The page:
Thursday, June 16, 2005

I *heart* tefillin

I've never understood why everyone doesn't love the mitzvah of tefilin. I've always thought of it as one of the most profound and also open to metaphor of all the daily obligations. I think of them sometimes as trellis - either my body as the trellis and tefillin as the plant, or the tefillin as the trellis and my body as the plant. My chaver Scott teaches a terrific lesson on tefillin as compass. And I love the various gemaras on tefillin - today's just happens to bring up this gem:

Shabbat 49a

Rabbi Yannai said: Tefillin demand a pure body, like Elisha, the man of wings. What does this mean?-Abaye said: That one must not pass wind while wearing them; Raba said: That one must not sleep in them. And why is he called the man of wings’? Because the wicked Roman government once proclaimed a decree against Israel that whoever donned tefillin should have his brains pierced through; yet Elisha put them on and went out into the streets. [When] a quaestor saw him, he fled before him, whereupon he gave pursuit. As he overtook him he [Elisha] removed them from his head and held them in his hand. ‘What is that in your hand?’ he demanded. ‘The wings of a dove,’ was his reply. He stretched out his hand and lo! they were the wings of a dove. Therefore he is called ‘Elisha the man of the wings’. And why the wings of a dove rather than that of other birds? Because the Congregation of Israel is likened to a dove, as it is said, as the wings of a dove covered with silver: just as a dove is protected by its wings, so is Israel protected by the precepts.

And here is my attempt as tefilin midrash:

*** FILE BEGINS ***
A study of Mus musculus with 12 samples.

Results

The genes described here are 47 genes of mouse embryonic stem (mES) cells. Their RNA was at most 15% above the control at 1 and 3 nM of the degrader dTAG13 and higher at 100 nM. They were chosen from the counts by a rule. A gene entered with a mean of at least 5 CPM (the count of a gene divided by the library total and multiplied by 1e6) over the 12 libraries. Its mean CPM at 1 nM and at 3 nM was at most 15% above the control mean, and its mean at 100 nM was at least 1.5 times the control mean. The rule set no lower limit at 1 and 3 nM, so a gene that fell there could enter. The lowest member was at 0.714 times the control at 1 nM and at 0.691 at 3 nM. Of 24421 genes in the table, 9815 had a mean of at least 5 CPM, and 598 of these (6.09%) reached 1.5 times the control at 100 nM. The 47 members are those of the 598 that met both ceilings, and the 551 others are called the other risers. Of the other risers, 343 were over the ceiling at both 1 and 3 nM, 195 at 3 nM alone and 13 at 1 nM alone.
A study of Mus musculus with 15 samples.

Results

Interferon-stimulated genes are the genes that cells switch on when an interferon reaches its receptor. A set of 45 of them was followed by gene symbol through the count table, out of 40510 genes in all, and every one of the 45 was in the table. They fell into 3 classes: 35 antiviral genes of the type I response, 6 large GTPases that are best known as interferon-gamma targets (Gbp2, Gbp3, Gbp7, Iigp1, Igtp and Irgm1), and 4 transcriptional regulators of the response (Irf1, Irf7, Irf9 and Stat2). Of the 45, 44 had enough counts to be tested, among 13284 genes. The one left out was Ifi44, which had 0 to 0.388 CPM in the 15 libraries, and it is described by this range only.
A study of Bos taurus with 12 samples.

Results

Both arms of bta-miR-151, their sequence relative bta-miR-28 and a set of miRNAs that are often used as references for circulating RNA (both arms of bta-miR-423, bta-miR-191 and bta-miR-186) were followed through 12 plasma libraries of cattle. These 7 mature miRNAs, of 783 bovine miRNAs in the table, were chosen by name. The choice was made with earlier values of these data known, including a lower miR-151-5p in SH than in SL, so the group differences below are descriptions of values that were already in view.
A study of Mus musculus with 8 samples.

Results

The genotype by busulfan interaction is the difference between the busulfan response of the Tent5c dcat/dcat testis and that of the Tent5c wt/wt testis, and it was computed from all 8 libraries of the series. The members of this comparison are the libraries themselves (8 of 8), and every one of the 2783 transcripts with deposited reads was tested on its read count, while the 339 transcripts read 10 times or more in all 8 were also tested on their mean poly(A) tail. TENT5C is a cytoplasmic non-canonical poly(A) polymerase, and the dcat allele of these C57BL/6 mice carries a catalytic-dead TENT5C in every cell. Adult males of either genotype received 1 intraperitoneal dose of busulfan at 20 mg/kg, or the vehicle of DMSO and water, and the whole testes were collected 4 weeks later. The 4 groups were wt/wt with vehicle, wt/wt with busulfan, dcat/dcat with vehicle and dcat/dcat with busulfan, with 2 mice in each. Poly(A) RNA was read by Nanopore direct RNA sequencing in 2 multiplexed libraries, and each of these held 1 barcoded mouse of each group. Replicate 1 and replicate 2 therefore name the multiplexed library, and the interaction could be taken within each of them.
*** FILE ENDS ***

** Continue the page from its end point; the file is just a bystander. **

Tefillin

A leather vine of tefillin trellises up my arm
Every morning, like Jonah’s gourd grown up overnight
Into shade, fruiting a pomegranate box:
At the forehead a crown,
At its wrist, a blossom.

Then into the morning of the parched earth
The vine unwraps, the fruit falls.
I imagine it breaking open (Split by the hot sun,
As though the rays were a knife blade,
Or ripeness a spoon)
Into four sections inside of ivory paper
Watercolored with wine stains
And crowded with seed rows of garnet script letters
Ink wet and shining as though just dipped
Off the quill.

Each morning the vine regrows
The gourd, shade from the sun
Unmerited, unrequested grace
The chance to learn forgiveness.

The taste of each word falls on my tongue
Like raindrops wrapped in parchment
Briefly resisting the bite,
And then bursting sweetness with an underlying musk
The seed kernel left caught in the teeth:
Prayer.
(C. 2001)

2 comments:

Rachel said...

I love laying tefillin, too. But I'd never thought of them as a vine (especially Jonah's vine) -- what an incredibly cool metaphor!

And I'd love to hear the lesson on tefillin as compass, someday. That sounds fascinating.

clickbank said...

Great post, I enjoyed reading it.

Adding you to favorites, Ill have to come back and read it again later.